It’s important for people to be right… or, if I’m honest, it’s important for me to be right.
As I’ve studied and taught philosophy and logic, I’ve begun to learn the “art of argumentation”, and the honing of this skill has certainly infiltrated my quest for biblical/theological expertise.
Over these last few months, as I’ve patrolled the blogosphere, I’ve noticed that this is a primary preoccupation amongst bloggers and those commenting.
Whether the conversation is about God…
We want to be right.
It seems, though, that the two primary camps at the forefront of biblical/theological argumentation (the neo-liberals and the neo-Calvinists [I’m painting broadly here]) have vastly different ways of expressing their claim(s) to accurately interpreting the Bible.
For instance, those within the neo-Calvinist camp (which I would generally place myself within) seem fixated on making propositional statements; whereas, the neo-liberal camp seem fixated on asking questions.
But don’t be fooled; winsome and provocative questions can be just as affirming of truth and accuracy as are propositional statements. Consider what Kevin DeYoung has to say on the matter:
Don’t think for a second the questions don’t communicate something…Words mean something and words do something. Whether the sentences end in question marks or not…who could think for a moment that I am not teaching something? This is not mere provocation. It is not an expression of searching inquiry or humble wrestling. My questions pack a rhetorical punch. They tell you what I think is foolish and what is wise. They suggest that some beliefs are noble and others are not. They tell you what God is like and what you should believe about him. My questions teach.
Often, those within the neo-Calvinist camp are accused, by those in the neo-liberal camp, of arrogantly claiming their confidence in their biblical exegesis (which is usually demonstrated via propositional statements). And, although I am willing to admit that I can, at times, struggle with this claimed theological arrogance, can we be sure that a similar form of arrogance is not found in winsomely and provocatively posing questions? In other words, regardless of which camp we fall in, we ought to be cautious in disparaging someone because of their assumed arrogance, when we might be akin to the same form of arrogance in our assertions of biblical superiority.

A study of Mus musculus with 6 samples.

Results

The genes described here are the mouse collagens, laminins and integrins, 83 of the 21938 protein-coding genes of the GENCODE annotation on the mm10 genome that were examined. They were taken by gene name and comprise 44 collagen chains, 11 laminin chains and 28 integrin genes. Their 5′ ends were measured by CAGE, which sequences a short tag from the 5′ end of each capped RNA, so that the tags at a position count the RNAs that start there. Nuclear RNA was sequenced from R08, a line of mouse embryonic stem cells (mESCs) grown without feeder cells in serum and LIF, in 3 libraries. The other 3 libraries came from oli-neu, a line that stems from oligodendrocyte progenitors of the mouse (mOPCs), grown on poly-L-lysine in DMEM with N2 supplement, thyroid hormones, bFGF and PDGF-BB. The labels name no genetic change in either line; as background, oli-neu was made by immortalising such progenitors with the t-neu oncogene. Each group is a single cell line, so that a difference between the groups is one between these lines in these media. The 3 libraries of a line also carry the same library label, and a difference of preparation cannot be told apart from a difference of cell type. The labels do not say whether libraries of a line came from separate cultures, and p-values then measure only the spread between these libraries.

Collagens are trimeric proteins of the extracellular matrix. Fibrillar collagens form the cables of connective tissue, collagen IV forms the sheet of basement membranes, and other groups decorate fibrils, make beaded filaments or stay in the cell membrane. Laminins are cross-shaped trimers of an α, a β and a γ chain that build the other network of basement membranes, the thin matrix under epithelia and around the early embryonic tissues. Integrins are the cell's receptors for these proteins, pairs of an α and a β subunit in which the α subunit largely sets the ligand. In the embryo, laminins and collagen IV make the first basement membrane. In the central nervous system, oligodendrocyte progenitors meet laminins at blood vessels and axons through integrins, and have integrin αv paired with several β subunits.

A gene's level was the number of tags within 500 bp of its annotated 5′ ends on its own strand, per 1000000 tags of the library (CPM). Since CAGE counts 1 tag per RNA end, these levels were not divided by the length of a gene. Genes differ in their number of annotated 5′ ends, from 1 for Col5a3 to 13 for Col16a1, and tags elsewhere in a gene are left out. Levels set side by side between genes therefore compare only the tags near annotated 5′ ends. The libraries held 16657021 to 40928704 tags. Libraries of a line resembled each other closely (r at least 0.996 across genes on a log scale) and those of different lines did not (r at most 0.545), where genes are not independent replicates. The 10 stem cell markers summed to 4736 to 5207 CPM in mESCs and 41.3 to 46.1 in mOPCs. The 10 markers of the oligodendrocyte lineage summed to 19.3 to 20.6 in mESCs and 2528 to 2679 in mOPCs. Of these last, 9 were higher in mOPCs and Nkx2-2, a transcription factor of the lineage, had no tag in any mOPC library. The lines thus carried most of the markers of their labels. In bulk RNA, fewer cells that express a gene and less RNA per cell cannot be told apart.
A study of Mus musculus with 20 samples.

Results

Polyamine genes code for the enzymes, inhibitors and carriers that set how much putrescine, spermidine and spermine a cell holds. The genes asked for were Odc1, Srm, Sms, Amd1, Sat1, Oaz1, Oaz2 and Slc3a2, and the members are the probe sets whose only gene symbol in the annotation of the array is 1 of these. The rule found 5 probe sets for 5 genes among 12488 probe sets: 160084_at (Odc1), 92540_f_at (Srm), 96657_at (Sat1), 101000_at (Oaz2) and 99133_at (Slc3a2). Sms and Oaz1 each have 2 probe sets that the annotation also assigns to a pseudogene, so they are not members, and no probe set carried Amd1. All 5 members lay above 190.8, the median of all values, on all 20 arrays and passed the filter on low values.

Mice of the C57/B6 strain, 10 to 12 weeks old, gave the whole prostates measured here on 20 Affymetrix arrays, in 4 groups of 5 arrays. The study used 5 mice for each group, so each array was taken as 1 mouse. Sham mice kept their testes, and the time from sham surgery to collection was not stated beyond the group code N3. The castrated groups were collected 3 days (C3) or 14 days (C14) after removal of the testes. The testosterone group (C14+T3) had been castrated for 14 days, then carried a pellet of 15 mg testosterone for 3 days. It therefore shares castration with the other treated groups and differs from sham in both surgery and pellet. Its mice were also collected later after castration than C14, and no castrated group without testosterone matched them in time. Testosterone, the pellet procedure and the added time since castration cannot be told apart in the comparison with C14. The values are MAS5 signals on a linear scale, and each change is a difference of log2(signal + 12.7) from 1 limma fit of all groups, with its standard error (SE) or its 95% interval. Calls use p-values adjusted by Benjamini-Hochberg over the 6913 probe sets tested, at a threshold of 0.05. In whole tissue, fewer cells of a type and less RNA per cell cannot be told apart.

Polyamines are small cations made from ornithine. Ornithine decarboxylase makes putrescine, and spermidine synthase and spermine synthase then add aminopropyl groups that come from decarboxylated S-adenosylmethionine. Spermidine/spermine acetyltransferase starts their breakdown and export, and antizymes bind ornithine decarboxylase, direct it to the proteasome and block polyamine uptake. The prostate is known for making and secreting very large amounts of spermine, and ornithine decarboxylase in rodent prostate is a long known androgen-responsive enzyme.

Perhaps this is a prefacing post, as my plan for the next few posts is to think through an issue that is becoming heavily discussed in the media and the blogosphere.
The issue…is homosexuality.
Is it a sin?
Was Paul only talking about man/boy pedophilia?
Is the Bible even clear on this issue?
How are Christians supposed to relate to homosexuals?
Can a homosexual be a Christian?
These are going to be some of the questions that I plan on thinking through over these next few weeks and months. And, although my intention will be to eventually make propositional statements regarding what I see as biblical truth claims, my hope is that those who would want to disparage me for “arrogantly” stating such-and-such, would instead consider their hearts before disparaging, and, in the end, if an attack is necessary, attack the argument, rather than the arguer.